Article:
A native of Illinois and a recent transfer to Texas, Dr. Wright and her family have quickly adjusted and become quite fond of life in the south. “When the opportunity to move to Texas and join the faculty of Texas Wesleyan University presented itself, we were all very excited. Having lived in the Midwest my entire life, this was a significant change to move but one that just felt right.”
Dr. Wright completed her undergraduate studies at a private, liberal arts college so the idea of entering that environment as faculty seemed a perfect fit.
Dr. Wright teaches organizational behavior, management principles, international business, and business statistics. “Every day, I teach topics I am passionate about”, which is evident in her teaching style and enthusiasm. Students enjoy learning how topics in class apply to real-world situations by examining cases and reviewing worthy news feeds. “It is important to integrate current events into the lecture to elevate the level of understanding and importance of course objectives. When students see the immediate transferability and applicability of lecture, they are able to engage in classroom discussions and gain so much more from the course.”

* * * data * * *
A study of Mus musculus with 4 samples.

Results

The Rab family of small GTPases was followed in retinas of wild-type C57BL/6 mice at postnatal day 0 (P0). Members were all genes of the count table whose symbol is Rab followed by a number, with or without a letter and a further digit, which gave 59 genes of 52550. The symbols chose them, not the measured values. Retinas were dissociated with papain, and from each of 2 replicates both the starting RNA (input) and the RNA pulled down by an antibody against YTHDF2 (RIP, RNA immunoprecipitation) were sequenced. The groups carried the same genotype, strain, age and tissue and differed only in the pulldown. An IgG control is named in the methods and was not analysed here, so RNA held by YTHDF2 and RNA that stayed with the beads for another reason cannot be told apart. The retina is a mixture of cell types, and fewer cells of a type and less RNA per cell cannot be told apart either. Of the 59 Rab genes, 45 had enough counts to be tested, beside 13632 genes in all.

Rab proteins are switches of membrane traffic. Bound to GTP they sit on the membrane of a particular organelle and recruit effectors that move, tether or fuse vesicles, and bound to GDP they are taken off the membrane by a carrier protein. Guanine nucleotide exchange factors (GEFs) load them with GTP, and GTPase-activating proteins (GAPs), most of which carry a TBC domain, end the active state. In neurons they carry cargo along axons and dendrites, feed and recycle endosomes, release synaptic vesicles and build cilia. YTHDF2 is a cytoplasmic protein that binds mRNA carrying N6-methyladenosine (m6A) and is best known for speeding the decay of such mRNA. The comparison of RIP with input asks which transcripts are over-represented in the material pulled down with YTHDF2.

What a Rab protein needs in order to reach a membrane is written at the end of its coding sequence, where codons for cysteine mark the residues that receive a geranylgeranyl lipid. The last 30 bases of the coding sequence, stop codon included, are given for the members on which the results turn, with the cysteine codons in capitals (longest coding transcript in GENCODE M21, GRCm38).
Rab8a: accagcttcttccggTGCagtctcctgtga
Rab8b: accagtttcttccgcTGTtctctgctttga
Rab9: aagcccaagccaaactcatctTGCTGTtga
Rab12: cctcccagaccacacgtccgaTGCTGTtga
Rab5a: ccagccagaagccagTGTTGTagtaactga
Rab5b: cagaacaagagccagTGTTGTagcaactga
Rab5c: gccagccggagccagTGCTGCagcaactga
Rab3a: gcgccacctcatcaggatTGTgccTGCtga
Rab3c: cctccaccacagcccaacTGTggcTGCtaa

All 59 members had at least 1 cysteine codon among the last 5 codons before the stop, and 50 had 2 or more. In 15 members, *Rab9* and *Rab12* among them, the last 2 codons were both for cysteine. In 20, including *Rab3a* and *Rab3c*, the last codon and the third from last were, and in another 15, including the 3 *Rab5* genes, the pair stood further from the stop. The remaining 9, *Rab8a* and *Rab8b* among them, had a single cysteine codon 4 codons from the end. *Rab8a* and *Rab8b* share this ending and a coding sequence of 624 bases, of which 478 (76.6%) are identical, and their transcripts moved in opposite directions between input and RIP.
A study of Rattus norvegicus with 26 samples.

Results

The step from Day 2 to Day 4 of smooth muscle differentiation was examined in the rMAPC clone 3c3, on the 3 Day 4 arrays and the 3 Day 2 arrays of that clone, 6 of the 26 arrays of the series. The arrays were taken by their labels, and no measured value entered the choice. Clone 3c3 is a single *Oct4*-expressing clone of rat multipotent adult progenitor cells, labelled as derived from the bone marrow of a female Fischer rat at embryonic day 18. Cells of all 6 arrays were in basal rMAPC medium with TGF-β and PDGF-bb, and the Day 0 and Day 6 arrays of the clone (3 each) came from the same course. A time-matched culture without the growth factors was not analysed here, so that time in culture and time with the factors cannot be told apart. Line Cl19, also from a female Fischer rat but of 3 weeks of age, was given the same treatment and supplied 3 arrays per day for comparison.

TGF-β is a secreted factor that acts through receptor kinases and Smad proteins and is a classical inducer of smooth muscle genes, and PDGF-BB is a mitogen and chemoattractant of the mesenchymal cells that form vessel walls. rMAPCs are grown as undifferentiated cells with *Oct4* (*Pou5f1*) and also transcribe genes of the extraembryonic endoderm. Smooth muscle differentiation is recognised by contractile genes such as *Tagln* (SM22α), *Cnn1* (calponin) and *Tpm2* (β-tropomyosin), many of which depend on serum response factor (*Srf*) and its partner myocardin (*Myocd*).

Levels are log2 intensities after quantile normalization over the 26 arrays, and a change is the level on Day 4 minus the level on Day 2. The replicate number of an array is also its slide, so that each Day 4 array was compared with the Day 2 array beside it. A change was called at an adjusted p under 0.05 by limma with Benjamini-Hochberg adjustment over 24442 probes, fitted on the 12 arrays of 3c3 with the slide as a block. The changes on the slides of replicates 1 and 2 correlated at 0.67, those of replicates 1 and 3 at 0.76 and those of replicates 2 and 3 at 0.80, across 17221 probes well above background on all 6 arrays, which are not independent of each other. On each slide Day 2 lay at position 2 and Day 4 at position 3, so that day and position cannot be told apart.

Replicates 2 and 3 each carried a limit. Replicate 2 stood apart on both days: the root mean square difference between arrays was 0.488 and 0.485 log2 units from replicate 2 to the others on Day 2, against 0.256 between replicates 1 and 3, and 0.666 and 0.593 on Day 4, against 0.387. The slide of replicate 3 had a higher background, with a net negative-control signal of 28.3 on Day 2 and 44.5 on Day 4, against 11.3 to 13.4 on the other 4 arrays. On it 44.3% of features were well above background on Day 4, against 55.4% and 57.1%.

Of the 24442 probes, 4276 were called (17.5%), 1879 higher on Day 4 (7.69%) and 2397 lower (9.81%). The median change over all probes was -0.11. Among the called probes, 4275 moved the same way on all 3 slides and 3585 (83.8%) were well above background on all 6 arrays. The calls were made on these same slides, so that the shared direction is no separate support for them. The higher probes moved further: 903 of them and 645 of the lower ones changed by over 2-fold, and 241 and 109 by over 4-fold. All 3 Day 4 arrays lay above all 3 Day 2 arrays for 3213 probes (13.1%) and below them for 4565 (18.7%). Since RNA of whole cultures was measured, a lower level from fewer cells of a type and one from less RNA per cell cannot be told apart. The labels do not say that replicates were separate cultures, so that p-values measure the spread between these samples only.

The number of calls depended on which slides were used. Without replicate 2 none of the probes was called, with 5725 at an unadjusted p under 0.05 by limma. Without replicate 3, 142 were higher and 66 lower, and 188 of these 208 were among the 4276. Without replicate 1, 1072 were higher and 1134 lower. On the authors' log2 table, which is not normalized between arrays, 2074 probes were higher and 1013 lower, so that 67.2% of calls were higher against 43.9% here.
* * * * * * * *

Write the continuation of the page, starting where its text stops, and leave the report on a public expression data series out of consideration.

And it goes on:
In addition to teaching, Dr. Wright has also worked extensively with women in leadership and female entrepreneurs through her consulting firm. Her research has focused on the path of female middle managers after exiting corporate progression tracks. Most of her current projects focus on women in leadership, work life competencies, the impact of entrepreneurship education on entrepreneurial activity and organizational effectiveness.
Dr. Wright finished her Ph.D. in 2013 and began teaching at Texas Wesleyan University in the fall of 2014. In addition teaching, she is also one of the faculty advisors to the Entrepreneurship Club and participates in local events presented by the Fort Worth Chamber of Commerce and local Organization Development networks.
Dr. Wright loves good coffee and European chocolate. Dr. Wright was raised on a farm in Illinois and had to gather the eggs and feed the cattle and pigs before heading to school for the day.